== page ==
They had tramped the samecountry lane for 188 years. Yesterday, later than planned by almost 48 hours - some violent, many dull - the Orange brethren from the Co Armagh town of Portadown made it 189.
Only silence and the sound of 500 pairs of marching feet filled the air as they conducted their 20-minute parade, bereft of their cacophonous bands as part of the deal struck with Catholics.
Yet there was no hint of defeat. Indeed, with purposeful strides and heads held high, the marchers in their Orange sashes exuded a flinty-eyed pride that the tradition of their forebears had been preserved for another year against the backdrop of swelling Nationalist resistance along the Garvaghy Road route.
For many hours in the tense two-day stand-off that began after police barred the march as men from Portadown's Orange Lodge spilled from the pews of Drumcree parish church, it had appeared they would not get their way. Yet as the hours passed, tempers frayed and numbers mushroomed.
As the often dignified protest by white-haired gentlemen degenerated into running battles between police and the young bucks, it was clear something had to give. Several thousand loyalists stood in darkened fields in driving rain awaiting word from the negotiators.
At 9.30am yesterday the Rev Ian Paisley, the Big Man to devotees, gave that word: a deal had been done. A few minutes before 10.30am the marchers emerged through the ranks of police with their Portadown District Lodge No. 1 standard at the head. Three abreast they walked, some in their Sunday best, others in football shirts, such is the diversity of the pull of Orangeism for young and old.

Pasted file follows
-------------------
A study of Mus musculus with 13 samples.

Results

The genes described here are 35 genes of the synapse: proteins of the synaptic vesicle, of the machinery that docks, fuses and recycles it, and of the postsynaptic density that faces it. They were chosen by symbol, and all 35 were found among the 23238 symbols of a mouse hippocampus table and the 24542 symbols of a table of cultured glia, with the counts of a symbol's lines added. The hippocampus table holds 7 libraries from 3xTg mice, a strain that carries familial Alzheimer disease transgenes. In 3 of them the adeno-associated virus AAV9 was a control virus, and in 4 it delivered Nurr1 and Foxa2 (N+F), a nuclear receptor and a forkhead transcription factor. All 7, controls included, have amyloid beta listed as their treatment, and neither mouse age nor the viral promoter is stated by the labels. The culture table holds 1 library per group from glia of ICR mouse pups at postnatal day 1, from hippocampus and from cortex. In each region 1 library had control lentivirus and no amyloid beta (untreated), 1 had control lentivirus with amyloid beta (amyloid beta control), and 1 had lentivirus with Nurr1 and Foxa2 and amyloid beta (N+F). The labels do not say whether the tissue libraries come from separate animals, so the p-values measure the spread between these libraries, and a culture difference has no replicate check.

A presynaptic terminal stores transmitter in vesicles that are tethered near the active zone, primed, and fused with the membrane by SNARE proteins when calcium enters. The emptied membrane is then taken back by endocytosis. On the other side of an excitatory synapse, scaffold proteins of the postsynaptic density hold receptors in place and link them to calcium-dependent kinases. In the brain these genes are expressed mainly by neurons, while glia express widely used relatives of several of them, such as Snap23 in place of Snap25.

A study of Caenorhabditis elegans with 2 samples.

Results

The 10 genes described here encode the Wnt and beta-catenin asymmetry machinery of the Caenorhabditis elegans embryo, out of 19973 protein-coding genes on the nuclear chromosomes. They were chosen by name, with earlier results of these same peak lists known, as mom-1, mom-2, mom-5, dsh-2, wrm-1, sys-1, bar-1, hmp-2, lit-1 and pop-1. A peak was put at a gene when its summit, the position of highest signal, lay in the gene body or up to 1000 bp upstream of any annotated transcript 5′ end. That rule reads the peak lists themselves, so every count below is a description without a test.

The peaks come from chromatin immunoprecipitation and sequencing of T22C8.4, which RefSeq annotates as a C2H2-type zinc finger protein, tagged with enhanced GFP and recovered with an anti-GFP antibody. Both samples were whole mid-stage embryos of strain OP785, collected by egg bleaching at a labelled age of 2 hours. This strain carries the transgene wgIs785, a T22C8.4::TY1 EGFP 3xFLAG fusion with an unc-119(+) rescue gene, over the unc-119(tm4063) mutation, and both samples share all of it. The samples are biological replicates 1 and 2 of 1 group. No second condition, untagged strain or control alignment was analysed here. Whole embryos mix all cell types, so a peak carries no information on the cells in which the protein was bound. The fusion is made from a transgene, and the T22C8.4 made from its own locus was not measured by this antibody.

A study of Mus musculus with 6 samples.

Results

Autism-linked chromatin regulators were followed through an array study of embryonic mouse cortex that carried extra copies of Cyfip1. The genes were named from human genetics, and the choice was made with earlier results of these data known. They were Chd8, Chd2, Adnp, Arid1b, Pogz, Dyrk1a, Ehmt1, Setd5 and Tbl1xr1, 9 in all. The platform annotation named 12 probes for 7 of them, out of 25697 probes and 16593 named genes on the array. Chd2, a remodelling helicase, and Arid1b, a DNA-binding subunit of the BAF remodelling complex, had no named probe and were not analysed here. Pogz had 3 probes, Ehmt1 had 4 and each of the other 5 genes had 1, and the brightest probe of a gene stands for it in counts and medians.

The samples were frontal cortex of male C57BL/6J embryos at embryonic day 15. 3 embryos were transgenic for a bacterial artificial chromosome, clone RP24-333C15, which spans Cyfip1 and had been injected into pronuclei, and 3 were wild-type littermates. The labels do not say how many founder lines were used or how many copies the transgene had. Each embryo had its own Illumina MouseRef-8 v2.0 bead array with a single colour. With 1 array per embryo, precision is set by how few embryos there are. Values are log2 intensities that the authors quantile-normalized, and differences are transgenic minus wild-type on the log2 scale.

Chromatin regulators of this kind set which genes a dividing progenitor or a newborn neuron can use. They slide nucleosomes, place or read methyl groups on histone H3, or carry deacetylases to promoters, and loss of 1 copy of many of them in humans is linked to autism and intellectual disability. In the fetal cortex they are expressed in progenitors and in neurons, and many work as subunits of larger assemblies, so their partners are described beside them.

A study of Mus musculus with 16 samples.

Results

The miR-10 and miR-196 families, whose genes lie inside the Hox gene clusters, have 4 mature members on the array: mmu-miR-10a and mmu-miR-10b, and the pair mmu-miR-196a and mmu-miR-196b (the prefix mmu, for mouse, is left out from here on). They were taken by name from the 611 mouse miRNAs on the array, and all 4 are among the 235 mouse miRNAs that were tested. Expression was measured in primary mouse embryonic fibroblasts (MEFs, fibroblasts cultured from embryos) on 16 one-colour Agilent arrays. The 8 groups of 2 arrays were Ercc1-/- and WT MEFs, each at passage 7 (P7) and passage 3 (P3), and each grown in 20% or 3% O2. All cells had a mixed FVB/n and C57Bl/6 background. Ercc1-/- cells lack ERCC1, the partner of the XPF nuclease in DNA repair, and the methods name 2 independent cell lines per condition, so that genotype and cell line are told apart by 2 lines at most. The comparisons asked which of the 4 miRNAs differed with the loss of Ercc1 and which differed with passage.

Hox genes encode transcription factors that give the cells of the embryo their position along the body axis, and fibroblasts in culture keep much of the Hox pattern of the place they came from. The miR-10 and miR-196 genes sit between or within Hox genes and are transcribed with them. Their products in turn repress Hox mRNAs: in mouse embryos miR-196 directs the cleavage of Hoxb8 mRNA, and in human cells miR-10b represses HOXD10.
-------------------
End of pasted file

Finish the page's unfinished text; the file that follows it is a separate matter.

Police manning road-blocks observed the bizarre spectacle, which could probably only happen here. Even Catholic residents who had been blocking the route parted to watch in silence, only cheering as the last passed.
Brendan McKenna, of the residents' group, was optimistic about what had been achieved: "Through negotiations ... solutions can be reached. If the peace process holds, this is a demonstration of what can come out of it."
Yet in the distance a band hailed the approaching marchers and they were cheered by thousands of supporters.Back at Drumcree church there was no triumphalism, only quiet satisfaction from one lodge member: "We went to church on Sunday, and came home from church, which is what we have done for 188 years."